ASHA Workers: WHO Recognition Comes Amid Protest For Higher Wages
ASHAs have been protesting for better wages across the country as their work is attributed to be voluntary
The World Health Organisation recognised the work of India's one million Accredited Social Health Activists (ASHAs) and lauded them with one of the six global health awards who continue to fight for their rights.
While the health workers that are the primary backbone of the Indian healthcare system were awarded at the 75th Health Assembly for their work through the years especially during the COVID-19 pandemic, they have been fighting for an increase in their wages.
The ASHAs assist in smoothly conducting most of the programs of the National Health Mission right from maternal and child health, to even sexually transmitted diseases, and TB. However, their compensations and wages are dependent on task-based incentives and honorariums decided by state governments.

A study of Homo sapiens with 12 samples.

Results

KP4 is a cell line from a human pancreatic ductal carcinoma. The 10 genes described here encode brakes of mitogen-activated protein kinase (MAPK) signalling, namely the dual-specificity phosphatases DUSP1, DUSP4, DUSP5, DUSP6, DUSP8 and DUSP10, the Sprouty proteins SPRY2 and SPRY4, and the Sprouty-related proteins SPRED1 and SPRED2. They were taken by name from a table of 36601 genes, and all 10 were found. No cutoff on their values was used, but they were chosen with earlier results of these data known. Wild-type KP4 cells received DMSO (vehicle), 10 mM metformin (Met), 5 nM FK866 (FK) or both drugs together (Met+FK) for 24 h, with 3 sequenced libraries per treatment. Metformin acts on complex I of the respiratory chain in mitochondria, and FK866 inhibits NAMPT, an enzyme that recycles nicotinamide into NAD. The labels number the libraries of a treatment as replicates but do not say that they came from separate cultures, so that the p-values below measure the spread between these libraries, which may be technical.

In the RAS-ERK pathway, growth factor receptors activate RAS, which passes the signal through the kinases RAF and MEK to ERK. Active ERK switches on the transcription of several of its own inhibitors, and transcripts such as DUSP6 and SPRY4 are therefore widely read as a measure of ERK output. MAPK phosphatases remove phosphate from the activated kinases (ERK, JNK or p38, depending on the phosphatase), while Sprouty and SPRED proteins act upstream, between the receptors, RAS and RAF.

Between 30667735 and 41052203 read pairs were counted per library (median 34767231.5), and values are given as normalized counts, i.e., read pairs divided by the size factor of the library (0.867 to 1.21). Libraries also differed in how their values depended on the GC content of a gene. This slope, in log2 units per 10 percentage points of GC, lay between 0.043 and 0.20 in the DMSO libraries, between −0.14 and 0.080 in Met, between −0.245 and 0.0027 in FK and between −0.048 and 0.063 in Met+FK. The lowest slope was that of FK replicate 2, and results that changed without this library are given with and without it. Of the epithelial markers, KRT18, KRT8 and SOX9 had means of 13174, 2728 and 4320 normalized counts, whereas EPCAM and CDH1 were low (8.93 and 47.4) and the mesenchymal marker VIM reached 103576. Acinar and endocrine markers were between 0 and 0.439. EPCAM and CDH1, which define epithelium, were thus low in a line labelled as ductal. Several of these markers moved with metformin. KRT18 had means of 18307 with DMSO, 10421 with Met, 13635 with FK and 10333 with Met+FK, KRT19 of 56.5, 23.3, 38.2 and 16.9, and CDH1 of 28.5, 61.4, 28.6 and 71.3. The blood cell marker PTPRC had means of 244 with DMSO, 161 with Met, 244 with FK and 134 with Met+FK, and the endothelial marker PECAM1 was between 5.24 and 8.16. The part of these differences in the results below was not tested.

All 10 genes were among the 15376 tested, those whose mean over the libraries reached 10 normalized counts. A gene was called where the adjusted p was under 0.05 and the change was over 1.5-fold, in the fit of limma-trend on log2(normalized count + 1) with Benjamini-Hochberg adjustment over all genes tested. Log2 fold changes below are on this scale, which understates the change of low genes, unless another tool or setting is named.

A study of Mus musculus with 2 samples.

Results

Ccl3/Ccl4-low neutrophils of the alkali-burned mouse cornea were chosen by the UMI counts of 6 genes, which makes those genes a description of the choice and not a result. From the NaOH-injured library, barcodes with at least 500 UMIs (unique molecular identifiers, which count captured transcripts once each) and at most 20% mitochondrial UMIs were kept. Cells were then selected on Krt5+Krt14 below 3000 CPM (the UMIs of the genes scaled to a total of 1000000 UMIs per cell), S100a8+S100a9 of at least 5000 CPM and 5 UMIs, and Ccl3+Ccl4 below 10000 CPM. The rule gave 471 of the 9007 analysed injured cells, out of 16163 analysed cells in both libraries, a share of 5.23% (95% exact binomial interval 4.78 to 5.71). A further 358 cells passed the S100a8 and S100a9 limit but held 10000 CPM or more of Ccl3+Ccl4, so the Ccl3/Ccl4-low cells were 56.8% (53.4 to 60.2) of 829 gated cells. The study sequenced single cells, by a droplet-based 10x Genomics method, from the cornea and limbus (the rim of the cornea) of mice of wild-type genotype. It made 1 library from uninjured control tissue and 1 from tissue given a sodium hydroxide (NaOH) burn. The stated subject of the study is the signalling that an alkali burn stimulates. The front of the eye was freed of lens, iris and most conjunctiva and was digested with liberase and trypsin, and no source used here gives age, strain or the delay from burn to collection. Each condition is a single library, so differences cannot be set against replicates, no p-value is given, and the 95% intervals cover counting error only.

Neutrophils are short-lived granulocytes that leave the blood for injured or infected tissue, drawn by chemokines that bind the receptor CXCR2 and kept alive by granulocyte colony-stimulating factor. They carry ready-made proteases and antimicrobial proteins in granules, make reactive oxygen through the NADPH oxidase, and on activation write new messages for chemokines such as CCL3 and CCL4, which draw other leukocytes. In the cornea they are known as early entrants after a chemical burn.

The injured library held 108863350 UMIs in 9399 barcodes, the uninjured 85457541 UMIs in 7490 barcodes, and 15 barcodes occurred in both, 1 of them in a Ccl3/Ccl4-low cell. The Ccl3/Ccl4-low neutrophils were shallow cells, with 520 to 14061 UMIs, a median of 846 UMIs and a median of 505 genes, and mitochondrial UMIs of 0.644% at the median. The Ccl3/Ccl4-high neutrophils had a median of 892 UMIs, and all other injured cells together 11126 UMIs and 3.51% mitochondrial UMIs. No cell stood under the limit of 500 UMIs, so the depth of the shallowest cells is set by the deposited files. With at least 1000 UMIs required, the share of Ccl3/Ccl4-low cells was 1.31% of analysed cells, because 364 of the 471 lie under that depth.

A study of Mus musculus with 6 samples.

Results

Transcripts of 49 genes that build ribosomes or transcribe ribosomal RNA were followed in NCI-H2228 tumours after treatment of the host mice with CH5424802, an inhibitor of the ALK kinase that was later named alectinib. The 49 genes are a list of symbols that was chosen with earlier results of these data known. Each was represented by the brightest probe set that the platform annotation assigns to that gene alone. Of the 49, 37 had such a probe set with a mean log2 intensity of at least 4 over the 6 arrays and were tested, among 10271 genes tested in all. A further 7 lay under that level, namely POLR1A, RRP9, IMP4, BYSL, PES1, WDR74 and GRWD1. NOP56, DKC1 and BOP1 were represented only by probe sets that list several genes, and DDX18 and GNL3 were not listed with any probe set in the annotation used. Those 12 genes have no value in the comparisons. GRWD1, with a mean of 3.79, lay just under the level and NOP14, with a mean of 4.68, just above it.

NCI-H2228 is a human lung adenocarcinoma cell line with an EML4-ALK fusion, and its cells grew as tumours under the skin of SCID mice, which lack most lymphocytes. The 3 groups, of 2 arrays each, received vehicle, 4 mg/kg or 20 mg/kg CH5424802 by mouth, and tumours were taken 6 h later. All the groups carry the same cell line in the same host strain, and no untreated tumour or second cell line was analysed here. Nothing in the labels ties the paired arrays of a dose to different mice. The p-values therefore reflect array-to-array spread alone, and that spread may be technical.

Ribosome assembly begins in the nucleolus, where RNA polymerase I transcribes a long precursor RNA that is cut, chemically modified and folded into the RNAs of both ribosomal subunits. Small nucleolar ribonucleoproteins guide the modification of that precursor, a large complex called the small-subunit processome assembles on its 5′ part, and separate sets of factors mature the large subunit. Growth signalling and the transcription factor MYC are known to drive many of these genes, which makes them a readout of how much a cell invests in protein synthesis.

Prime Minister Narendra Modi in his tweet expressed gratitude for the work that the female health community workers have undertaken over the years. He has never spoken about their protests, though.
Over the past few years, several states have seen the front line workers protesting to improve their working conditions and receive a fixed salary along with a better pay.
To meet the minimum wage, ASHAs have demanded a compensation of at least ₹21,000. In most states they only receive an honorarium of ₹7,000, while some states pay them ₹10,000 every month for their services. They then receive task based incentives.
The issue about the incentives was even raised in the Rajyasabha in March, 2022. In a written response, the Government shared that ASHAs receive a fixed monthly incentive of ₹2000 per month for routine and recurring activities such as attending village health nutrition days, creating line lists for children immunisation.
For other initiatives, they are paid a certain amount based on the performances. These include conducting the various National Health Programs and their activities like providing antenatal care for pregnant mothers, for convincing these women to seek institutional delivery, for providing nutrition to children, for helping with the TB, Leprosy, reproductive health programs.
In the protests held across Maharashtra, Kashmir, Karnataka, Andhra Pradesh in the recent past, ASHAs have been asking for better treatment. As most of the health burden falls on their shoulders, the front line workers are demanding fixed salaries.